Are the words of English efflorescences or confections? Often enough, they are at least a bit of both. Consider wymote. It looks as though it could be an uncommon surname, or a speck (mote) joined to a small dragon (wyvern). It sounds like a semi-articulate protest from someone unable to approach a castle. What it really is is something more of a treat for the eyes and tongue.
It’s not often used, obviously. But the word it grew from is even less used today: wymalve. That word in turn seems to trace back to a conjecture Latin viscomalva, which would have come from hibiscomalva, formed in its turn from hibiscus (from Greek ἱβίσκος hibiskos) and malva (from Greek μαλάχη malakhé). It names a flowering plant, common enough in Europe, Althæa officinalis, of the family Malvaceæ. The Althæa comes from Greek ἄλθειν althein, verb, ‘heal’. And indeed it has long been used for medicinal purposes. Its roots (the plant’s, not the word’s) are quite comestible when cooked; they are fibrous, and can be used in halvah or processed into something more gelatinous. The French added egg white and sugar to this and produced a soft dessert item, which they named after the plant.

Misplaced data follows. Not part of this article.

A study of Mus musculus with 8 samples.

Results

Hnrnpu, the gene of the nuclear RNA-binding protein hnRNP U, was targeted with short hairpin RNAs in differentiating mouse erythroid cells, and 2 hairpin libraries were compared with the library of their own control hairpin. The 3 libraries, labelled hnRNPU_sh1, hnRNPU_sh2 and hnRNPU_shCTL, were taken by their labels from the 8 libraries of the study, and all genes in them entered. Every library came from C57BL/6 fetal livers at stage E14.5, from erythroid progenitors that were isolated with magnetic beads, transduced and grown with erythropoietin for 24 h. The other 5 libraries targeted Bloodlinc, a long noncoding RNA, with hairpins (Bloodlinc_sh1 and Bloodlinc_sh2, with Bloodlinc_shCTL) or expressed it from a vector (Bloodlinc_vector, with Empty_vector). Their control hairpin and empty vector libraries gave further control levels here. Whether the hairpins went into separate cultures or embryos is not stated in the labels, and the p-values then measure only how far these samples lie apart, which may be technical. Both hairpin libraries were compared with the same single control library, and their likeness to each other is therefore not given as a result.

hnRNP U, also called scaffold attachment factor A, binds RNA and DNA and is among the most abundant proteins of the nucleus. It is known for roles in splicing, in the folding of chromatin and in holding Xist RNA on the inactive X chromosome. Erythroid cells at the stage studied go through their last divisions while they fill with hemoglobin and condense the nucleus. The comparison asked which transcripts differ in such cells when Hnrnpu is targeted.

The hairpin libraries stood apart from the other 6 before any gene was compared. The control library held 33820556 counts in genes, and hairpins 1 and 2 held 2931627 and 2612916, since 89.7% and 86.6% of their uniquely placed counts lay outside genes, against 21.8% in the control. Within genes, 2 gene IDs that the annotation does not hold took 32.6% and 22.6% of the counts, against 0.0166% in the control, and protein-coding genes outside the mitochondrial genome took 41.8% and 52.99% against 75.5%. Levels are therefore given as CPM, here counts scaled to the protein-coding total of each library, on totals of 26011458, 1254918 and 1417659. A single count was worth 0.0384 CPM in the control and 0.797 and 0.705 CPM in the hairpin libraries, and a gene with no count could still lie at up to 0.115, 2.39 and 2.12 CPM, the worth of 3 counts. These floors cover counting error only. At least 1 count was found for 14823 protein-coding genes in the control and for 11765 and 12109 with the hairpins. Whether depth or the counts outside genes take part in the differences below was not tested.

Oh, did I not mention the French name? It was formed from viscomalva and was in turn the source of wymalve. Its modern form is guimauve. If you have ever sat around a Canadian campfire, you have likely seen that word on some packaging, next to the English. The English name comes from the common name for Althæa officinalis: it is a kind of malva that sometimes grows in or near marshes; malva has become mallow over the centuries; put that together and you have marshmallow.
Just to add to the fun, there is no Althæa officinalis in the modern marshmallows (guimauves). Gelatin, sugar, water, maybe flavouring. Probably not even egg white. We have taken the name (the French have too) and walked away with it. And if you see the plant – which has pretty flowers but nothing on it resembling the food (cattails are closer in appearance) – you may or may not want to use the name with the confectionary overtones. If you’d rather give the plant a distinctive name, try wymote, which has, like the marshmallows you toast over an open fire (or in the flames of a small dragon), very little left in common with its origin – partly through natural efflorescence and perhaps partly through deliberate confection – and yet is quite palatable.